Chive Blossom Vinegar

Every year, my chives come up bigger and better.  And every year, I get a beautiful crop of chive blossoms.  I always think about doing something with the blossoms, but forget to nab the blossoms before they wilt.  This year I decided to make chive blossom vinegar!

All you need is:

~ white vinegar

~ glass jar

~ chive blossoms

** I read here that you don’t want to use a metal lid (such as a mason jar lid) because the vinegar will erode the finish, and I don’t like to have plastic come in contact with such an acidic food, so be careful about what kind of lid you use or filling the jar to the top.  I used a mason jar lid with the plastic coating on the underside, and I had to throw it out because the scent of the chive vinegar was so strong and I couldn’t wash it away (despite multiple washings and soakings).

Chive Blossom Vinegar


Clip your chive blossoms and carefully wash them.  You want to clean them thoroughly to remove any debris, bugs, etc.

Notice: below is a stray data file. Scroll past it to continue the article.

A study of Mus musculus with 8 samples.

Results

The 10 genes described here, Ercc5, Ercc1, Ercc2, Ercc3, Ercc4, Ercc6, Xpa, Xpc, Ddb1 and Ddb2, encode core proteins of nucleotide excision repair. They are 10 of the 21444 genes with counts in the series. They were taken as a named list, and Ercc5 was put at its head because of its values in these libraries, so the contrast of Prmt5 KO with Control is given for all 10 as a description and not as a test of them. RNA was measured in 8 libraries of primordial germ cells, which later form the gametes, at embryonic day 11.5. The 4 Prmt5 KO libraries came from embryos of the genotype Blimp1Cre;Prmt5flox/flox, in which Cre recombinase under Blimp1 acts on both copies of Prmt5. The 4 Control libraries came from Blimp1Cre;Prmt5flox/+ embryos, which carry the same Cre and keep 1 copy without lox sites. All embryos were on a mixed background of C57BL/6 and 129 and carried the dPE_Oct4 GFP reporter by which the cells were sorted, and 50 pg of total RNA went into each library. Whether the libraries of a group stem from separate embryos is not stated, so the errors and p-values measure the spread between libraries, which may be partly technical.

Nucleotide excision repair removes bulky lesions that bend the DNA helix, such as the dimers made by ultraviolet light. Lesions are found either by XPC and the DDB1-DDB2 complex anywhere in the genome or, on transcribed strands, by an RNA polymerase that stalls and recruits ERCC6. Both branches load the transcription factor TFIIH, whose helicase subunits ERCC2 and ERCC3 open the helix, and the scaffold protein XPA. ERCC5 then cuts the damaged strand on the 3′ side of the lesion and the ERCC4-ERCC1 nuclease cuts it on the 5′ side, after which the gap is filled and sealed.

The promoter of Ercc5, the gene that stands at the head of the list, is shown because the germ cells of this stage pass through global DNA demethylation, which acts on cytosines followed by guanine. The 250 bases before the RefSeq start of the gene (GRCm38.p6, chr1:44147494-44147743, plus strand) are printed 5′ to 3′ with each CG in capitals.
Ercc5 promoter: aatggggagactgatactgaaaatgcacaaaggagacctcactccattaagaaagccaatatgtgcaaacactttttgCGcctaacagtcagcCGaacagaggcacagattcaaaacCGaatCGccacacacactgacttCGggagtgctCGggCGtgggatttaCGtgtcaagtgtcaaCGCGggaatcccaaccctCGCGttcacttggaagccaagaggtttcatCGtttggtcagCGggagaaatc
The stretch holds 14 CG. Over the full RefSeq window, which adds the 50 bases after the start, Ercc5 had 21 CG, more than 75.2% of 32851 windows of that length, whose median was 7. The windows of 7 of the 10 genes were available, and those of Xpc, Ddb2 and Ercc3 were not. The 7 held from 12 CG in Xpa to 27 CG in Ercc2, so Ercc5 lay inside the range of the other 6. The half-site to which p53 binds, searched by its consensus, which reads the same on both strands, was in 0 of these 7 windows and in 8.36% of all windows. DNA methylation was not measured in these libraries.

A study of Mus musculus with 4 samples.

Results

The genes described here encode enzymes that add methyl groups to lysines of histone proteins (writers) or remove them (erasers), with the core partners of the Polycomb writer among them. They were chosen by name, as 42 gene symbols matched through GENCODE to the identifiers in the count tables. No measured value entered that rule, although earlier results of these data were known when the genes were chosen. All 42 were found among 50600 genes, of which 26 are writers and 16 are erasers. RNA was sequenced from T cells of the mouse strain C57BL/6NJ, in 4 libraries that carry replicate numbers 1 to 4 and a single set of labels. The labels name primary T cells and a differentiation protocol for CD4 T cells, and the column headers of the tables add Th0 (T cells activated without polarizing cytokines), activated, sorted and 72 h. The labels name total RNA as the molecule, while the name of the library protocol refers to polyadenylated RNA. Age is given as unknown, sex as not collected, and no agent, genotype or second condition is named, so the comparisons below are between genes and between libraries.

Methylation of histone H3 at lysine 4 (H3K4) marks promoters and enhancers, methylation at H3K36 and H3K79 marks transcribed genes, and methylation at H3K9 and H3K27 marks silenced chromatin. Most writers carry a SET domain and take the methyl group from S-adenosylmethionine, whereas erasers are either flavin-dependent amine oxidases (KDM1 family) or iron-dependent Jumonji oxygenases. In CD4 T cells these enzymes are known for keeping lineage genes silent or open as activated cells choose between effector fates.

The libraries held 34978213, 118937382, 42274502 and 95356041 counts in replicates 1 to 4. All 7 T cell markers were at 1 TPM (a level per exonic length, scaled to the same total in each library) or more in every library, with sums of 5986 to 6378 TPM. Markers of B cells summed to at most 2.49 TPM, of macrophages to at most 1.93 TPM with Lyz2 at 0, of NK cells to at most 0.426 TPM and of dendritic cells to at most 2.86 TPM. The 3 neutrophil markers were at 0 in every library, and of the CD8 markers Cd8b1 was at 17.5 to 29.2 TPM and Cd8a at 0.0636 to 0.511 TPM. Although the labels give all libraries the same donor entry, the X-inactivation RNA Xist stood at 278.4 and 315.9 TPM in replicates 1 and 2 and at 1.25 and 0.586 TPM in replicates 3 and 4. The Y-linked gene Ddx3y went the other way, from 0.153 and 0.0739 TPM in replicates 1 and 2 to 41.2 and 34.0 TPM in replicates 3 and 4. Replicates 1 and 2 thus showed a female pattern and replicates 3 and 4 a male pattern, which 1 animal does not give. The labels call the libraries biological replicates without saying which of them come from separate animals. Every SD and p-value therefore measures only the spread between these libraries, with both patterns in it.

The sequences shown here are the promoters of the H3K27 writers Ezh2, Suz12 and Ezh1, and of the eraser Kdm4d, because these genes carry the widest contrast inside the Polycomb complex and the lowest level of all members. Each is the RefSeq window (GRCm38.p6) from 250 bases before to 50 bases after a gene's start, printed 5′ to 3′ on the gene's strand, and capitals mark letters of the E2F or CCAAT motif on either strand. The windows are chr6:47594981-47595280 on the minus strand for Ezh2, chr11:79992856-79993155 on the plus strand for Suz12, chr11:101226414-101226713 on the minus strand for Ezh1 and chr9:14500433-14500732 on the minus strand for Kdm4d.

Fill a small jar with white vinegar, allowing room to add the blossoms (and I left room for some air at the top of the jar).  This could be any size jar, as long as the mouth is wide enough to be able to remove the blossoms later.

Add your blossoms – I used a large handful.  Close the jar tightly with the lid.

Allow your jar to sit in a cool, dark place.

I let mine set for a while (a few weeks) and the flavor become quite strong (too strong, in my opinion).  Honestly I think it gets strong quickly, so if you are looking for a hint of flavor, check it early, as you will see the color from the blossoms release into the vinegar fairly quickly.

Strain your vinegar carefully with a fine strainer to remove any particles or debris that weren’t removed by washing.